BOGOTA – Olga Lucia Alvarez, a Colombian septuagenarian, says it is her vocation to be a Catholic priest, and she is not going to let gender or excommunication stop her from preaching the gospel.
Alvarez is the first Latin American to be ordained by the Association of Roman Catholic Women Priests (ARCWP), a US-based group dedicated to challenging the Church’s policy against ordaining women.
Since she was ordained in Sarasota, Florida, in 2010 — prompting her automatic excommunication by the Vatican, which holds that such ceremonies violate Church doctrine — three other Colombian women have joined her, subverting traditional religious values in Latin America, the world’s most Catholic region.
“They say only they are the representatives of Christ? There’s no basis for that. We have all been created in the image of God. We are all equal,” said Alvarez, 73.
“It’s not about power. It’s about service.”
Dressed in a white cleric’s robe with a purple stole, she celebrated mass on a recent Sunday at a house in the eastern hills of Bogota for about a dozen men and women.
Alvarez, a bespectacled woman with short brown hair that belies her age, grew up in the city of Medellin, where in 1968 Latin America’s bishops held a historic conference seeking to transform the Church in the spirit of the Vatican II reforms.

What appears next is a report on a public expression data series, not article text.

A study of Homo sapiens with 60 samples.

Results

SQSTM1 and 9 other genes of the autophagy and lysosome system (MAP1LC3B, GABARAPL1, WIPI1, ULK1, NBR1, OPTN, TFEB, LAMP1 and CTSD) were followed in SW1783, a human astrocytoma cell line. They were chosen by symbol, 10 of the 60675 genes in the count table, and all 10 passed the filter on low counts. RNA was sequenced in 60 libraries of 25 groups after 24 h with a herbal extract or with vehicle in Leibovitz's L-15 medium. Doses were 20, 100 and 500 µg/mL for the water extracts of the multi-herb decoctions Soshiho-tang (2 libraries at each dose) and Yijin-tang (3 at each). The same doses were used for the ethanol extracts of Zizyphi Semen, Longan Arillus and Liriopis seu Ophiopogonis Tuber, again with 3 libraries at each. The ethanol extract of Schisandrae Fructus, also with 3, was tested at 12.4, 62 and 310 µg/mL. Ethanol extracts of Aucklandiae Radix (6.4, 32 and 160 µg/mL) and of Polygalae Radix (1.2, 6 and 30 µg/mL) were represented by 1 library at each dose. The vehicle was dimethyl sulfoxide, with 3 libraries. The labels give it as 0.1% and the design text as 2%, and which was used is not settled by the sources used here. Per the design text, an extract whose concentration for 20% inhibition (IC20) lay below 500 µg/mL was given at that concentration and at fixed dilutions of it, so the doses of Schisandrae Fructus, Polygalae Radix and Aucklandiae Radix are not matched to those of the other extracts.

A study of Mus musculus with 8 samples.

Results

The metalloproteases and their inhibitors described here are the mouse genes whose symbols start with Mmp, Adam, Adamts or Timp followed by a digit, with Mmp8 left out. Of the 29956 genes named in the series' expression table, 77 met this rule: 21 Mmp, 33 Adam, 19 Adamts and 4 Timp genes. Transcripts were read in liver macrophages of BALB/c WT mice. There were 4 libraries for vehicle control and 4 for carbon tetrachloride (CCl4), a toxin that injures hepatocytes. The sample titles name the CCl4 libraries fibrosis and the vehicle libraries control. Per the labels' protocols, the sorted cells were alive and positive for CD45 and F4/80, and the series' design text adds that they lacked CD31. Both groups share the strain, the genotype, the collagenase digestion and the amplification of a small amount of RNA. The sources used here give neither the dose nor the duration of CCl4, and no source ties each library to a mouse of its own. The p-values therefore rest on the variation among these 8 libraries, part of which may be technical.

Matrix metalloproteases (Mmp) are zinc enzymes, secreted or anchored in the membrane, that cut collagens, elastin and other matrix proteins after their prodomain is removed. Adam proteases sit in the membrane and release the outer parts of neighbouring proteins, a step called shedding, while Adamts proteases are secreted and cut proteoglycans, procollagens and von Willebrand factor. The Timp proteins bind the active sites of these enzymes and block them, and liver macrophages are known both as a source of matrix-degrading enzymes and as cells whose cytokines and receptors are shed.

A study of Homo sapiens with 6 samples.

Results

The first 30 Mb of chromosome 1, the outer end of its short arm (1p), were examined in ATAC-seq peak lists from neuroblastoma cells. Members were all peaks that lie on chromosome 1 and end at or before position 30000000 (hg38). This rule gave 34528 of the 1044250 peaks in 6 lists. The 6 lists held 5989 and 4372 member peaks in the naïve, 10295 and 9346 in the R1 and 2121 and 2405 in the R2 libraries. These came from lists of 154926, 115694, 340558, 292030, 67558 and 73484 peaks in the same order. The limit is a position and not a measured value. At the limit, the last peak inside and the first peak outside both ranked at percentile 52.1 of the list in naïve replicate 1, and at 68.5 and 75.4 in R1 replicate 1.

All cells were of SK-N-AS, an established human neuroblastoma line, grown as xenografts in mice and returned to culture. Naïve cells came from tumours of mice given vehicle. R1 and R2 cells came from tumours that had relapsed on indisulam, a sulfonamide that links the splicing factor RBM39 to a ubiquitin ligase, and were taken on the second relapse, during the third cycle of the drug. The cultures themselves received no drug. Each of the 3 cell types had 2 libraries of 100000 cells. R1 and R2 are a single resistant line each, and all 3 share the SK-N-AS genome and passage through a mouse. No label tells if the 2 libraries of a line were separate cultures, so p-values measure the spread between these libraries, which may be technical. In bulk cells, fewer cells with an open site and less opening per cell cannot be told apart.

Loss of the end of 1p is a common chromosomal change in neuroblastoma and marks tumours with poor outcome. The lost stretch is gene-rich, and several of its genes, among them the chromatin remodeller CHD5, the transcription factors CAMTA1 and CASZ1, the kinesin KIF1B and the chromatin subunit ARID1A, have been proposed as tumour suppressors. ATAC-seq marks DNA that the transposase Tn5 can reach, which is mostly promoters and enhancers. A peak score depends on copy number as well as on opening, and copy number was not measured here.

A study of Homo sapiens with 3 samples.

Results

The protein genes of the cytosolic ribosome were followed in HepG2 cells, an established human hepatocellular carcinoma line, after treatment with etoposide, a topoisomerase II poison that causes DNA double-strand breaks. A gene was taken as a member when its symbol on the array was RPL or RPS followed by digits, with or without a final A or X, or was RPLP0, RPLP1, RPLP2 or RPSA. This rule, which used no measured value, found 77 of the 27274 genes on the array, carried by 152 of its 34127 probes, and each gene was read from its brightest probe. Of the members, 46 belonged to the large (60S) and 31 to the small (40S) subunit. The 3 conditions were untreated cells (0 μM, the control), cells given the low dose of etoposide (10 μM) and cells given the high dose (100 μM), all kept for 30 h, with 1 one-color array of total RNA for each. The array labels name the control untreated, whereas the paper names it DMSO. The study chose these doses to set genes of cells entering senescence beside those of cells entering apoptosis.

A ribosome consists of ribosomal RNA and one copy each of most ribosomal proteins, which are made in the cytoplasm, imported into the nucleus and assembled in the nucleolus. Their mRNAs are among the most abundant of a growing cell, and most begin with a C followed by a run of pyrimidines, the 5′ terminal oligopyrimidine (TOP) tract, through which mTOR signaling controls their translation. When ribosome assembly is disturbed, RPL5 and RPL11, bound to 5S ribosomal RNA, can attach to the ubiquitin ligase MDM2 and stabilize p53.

Nearly five decades later, she says the Church has not gone nearly far enough with reforms.
“I respect the Eucharistic prayer. The rest has to sprout forth from the community,” she told AFP.
She leads her congregation through Bible readings and traditional hymns, following the same script as Catholic churches worldwide.
But she does not deliver a sermon. Instead, Alvarez stands among her congregation in a circle instead of before them, and she takes communion last, not first.
The group prays in unison to what they refer to as the “all-powerful father and mother.”
After mass, Ramiro Franco, a 43-year-old electrical engineer, said he considers Alvarez his spiritual guide.
“She officiated at my wedding, she baptized my youngest son, she celebrated the oldest one’s first communion. I trust her completely,” he said.
Franco urged the Vatican to be “more open-minded” on the issue of women in the priesthood.
“I don’t see any reason why a woman can’t be a priest, a bishop or the pope,” he said.
To the Vatican, however, the teachings of Jesus reserve the priesthood for men, and anyone giving the sacrament without the Church’s blessing is automatically excommunicated.
“Groups like this aren’t part of the Church,” said Father Juan Alvaro Zapata, director of the Department of Ordained Ministries at the Episcopal Conference of Colombia, a country where three fourths of the population is Catholic.
“It’s not as if women have to become priests to serve the lord. There are other ways to collaborate in building the kingdom in heaven.”
Even Pope Francis, whose calls for change in the Church have won him the support of the Colombian women priests, has rejected any reconsideration of Vatican policy on ordaining women.
That has not stopped the ARCWP, whose first seven priests were ordained by a male bishop on the banks of the Danube River in 2002 and which now counts 210 female priests in 10 countries across Europe and the Americas.
The only in Latin America, however, are Alvarez and the three fellow Colombians who followed in her footsteps: Aida Soto, ordained in 2011, and Judith Bautista and Marina Sanchez, both ordained last year.
To Bautista, the movement is broader than just the issue of women clerics.
“I believe the spirit is called to a renewal, not only on women in the priesthood, but on inclusiveness in the Church,” she told AFP.